The vice-president (academic) is responsible for student advocacy around academics in the university, including governance, program changes, and academic requirements. This means they sit on the General Faculties Council, the highest decision-making body at the University of Alberta for academic issues, as well as several of the council’s subcommittees. The VP academic also oversees student faculty and department associations, and sits on academic committees and working groups.
The sad reality of this uneventful race is its importance. The position will affect students in the most direct way, especially with arts degree requirements changing, but no student felt the need to press the candidates on any matter. This race is akin to this year’s municipal election: There’s a clear winner, it’s one of the most important elections that you vote in, and most people couldn’t give a fuck.
Akanksha Bhatnagar’s platform focused on reconciliation in the classroom, better embracing open educational resources, and advocating for the creation of a student census. Her website was offered in three languages (English, French, and Spanish). Her platform, while detailed and extensive (both the comprehensive and condensed versions being over ten pages), failed to present a clear, simple format that curious students can read. No one other than Students’ Union die-hard will read a ten page plus document on student politics. Where Bhatnagar made up her lost ground here was her performance at the forums, she was effective and pointed in her answers. She was confident in her experience and was able to effectively use that to her advantage. The only place she might have struggled is at Campus Saint-Jean but she made up for it at the Myer Horowitz forum (arguably the more important one). Bhatnagar is the safe choice in this election, as this was her election to lose.
Cristiana Pop’s had her platform focus on supporting accessibility of resources for transitions in student leadership, mental health in the classroom, and reconciliation. Her website was offered in both French and English, and provided her platform in short paragraphs that are easily digestible for students looking for quick answers. Her point on mental health seemed out of place, but she wisely dropped it by the second forum. Pop had average showing in most forums, with the exception of Campus Saint Jean, when she needed to be exceptional against Bhatnagar. It was unfortunate when at the CSJ forum we saw a confident and aggressive candidate in Pop, but by the Myer Horowitz she fell back into the average buzzword resume dump. While she might do a fine job in the position, she failed to successfully put herself ahead of Bhatnagar when it mattered. That being said, Cristiana Pop would be a solid second choice in this election.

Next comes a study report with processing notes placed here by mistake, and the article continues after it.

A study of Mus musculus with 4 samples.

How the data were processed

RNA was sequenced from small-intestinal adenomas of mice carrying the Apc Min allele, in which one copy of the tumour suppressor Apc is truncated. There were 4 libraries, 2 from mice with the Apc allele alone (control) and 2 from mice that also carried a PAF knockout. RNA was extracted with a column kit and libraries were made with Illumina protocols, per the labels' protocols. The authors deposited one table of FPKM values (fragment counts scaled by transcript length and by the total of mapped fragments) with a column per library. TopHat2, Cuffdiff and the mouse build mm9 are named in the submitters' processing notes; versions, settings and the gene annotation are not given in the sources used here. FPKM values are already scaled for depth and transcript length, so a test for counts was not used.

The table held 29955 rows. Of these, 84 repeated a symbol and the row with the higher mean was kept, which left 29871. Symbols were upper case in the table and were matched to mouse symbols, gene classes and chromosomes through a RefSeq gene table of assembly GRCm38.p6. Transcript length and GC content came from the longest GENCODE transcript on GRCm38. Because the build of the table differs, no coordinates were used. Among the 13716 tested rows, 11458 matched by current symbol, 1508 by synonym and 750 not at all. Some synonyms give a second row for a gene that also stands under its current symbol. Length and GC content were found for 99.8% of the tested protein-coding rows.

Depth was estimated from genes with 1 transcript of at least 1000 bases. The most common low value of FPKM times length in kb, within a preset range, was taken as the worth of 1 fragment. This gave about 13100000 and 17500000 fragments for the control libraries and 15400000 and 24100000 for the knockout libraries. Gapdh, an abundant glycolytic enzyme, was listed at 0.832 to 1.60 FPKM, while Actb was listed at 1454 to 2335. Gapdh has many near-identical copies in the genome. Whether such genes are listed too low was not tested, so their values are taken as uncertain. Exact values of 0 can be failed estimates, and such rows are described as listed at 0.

Tiffany Bruce had a bullet-point format that easily explained her platform. This is where my praise for Bruce will begin and end. Her platform focused on a mental health hotline, which is not only outside her portfolio but unachievable as well. Her answers focused on sending international students to other schools if it’s too expensive. She said that Indigenous safe spaces need security, but failed to specify who needed protection from who, which left the comment to have problematic implications. Today, I asked her about BA language credits and she didn’t know Arts students had to take two classes of the same language. Throughout this election she been uninformed, uninspired and unsatisfying. How can we trust a candidate who knows so little about the Student Union executive to have a shred of competency in the position? Voting “none of the above” will be a better option than voting Tiffany Bruce.
Tl;dr: If you vote for either Cristiana Pop or Akanksha Bhatnagar, you’re getting a solid VPA for the 2018-19 year. They’re both experienced, effective, and passionate candidates that will handle the position, but Bhatnagar has the presence and SU experience to pull a victory in this ball game. Tiffany Bruce was ineffective in answering any question, and her platform failed to actually address the portfolio of the position. This race, however, was quite boring with no real standout moment. The race failed to connect students to the issues and rally any real excitement for the upcoming year. There was no moment of any real contention. Candidates had nothing to say that held any real weight, as they know most students couldn’t give less of a shit about the position, despite the importance of it.
Goddamnit, Banana didn’t die for this shit.